On Wednesday 26th November, Br Ahmed Khweir and members of the GAA attended an interfaith dialogue hosted by the Ignatian Spirituality Centre, in Glasgow. The event was one in a series of interfaith conversations, where Christian ISC members can discuss, learn and share faith perspectives with those from differing religious communities.
BR Ahmed Khweir, was invited to share reflections on the Quran, and perspectives from the Shia tradition. He spoke about the nature of the Quran, the science of revelation and Quran compilation. He also discussed the Quranic relationship between other religious scriptures such as the bible and the Torah, as well as the hadith and Sahifa Al-Sajidiyah.
The group were encouraged to interact with the dialogue to share comments and questions. The GAA attendees were both motivated and inspired by the fascinating questions asked, on subjects such as the nature of prophethood, the unchanged nature of the quran and its preservation, and the cultivation of a reflective prayer life.
GAA members were also touched by how much the group knew about the Shia tradition and how it originated. BR Ahmed explained that the followers of the Ahlulbayt (A.S), do not merely separate along political or historical lines, but rather identify with a profound sense of spirituality and God Consciousness through their spiritual routes, where they see the 5 pillars of Islam as branches, and the articles of faith being the routes for the tree of faith.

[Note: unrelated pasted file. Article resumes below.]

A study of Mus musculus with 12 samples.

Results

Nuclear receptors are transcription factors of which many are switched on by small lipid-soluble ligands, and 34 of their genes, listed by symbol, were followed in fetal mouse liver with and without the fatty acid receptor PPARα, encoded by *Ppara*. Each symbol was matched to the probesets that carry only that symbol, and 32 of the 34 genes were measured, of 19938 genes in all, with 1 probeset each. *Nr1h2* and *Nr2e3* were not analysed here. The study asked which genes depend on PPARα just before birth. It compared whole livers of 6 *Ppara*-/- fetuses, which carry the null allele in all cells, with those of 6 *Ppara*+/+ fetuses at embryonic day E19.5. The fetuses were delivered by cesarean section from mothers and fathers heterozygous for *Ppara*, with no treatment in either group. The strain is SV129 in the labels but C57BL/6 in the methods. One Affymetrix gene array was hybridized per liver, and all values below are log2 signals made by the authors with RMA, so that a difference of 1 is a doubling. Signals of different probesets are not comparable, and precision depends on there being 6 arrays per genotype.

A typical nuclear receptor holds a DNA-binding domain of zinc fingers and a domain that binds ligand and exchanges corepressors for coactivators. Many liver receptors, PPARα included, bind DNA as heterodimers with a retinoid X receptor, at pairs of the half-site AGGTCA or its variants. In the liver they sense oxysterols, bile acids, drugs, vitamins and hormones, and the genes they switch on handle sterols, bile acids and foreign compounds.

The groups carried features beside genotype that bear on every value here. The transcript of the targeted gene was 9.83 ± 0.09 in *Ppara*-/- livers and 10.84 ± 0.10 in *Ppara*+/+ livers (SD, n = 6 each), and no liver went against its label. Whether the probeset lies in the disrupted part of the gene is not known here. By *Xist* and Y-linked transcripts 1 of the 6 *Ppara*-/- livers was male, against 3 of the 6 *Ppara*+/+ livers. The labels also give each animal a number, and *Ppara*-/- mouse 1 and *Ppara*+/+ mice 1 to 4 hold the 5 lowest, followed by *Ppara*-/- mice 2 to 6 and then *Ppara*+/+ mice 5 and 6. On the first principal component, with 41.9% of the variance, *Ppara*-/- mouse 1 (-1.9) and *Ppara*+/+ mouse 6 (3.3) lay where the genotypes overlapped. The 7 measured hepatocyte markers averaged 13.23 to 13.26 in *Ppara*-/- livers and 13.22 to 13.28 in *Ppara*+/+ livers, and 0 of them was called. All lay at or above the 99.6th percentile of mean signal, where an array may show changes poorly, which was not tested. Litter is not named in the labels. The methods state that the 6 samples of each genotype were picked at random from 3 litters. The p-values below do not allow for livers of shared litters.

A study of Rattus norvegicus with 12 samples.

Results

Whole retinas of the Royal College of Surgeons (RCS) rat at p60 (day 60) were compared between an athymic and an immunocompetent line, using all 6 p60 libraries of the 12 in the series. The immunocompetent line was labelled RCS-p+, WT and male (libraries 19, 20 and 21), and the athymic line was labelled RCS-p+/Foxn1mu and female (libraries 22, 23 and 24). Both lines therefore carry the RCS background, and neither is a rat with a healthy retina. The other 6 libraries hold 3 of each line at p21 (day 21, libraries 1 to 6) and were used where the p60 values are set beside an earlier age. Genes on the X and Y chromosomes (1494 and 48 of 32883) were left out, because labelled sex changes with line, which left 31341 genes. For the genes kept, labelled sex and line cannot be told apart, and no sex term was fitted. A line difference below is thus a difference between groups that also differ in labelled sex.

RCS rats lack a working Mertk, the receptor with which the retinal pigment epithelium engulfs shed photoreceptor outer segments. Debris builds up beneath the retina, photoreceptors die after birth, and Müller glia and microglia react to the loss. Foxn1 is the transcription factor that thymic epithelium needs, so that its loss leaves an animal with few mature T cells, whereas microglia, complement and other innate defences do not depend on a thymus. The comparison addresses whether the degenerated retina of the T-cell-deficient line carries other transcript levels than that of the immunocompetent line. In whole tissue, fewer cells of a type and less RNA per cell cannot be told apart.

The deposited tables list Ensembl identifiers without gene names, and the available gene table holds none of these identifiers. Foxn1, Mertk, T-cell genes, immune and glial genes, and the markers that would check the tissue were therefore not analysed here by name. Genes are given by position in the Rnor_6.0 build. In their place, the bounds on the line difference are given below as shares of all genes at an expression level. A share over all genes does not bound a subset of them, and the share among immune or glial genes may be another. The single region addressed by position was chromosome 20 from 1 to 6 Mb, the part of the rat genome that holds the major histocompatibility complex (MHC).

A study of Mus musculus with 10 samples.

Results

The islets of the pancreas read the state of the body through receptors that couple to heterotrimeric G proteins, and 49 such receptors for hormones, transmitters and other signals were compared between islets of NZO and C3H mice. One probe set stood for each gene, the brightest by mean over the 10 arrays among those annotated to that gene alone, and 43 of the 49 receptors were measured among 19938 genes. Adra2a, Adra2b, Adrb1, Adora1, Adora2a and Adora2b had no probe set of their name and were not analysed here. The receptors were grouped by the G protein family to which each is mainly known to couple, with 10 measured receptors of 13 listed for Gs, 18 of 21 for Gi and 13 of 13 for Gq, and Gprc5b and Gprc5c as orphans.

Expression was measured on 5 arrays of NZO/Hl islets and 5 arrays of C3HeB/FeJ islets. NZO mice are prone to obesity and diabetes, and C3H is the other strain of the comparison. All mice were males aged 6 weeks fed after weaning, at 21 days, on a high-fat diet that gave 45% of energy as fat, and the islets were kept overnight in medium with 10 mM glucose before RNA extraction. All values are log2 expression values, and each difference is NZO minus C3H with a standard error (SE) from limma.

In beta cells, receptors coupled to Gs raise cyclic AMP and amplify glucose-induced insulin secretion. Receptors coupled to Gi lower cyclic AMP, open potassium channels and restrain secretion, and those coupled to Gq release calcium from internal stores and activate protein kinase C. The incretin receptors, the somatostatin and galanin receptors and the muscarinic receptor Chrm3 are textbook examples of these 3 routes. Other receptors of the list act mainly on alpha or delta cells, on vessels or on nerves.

BR Ahmed also went on to talk about Sharia Law, he said that though this has become a buzz word in the media today, especially within the context of terrorism and extremism, the literal translation of Sharia is path to a well, the idea that Sharia relates to the Christian view of the 10 commandments, giving Muslims a modern-day context for translating their faith in to practical application of Laws and lifestyle through their every day life.
The session concluded with BR Ahmed sharing a passage of Quran he particularly valued. The group were encouraged to reflect on the verses chosen, in quiet contemplation and share with the rest of the group. Many commented on the Verses likeness to the psalms of David, especially the verse of the throne. They talked about how much can be lost through the various English translations of Arabic verses, and the need to utilise different translations to glean the depth of the verses in their entirety.
The session was especially inspirational and motivational, and GAA would like to extend our thanks to the ISC for the opportunity to share conversation and reflection with them. We were especially moved by the profound commonality between the Catholic and Shia communities, and we hope there will be further opportunities for us to cultivate further interfaith dialogue and community building with them in the future.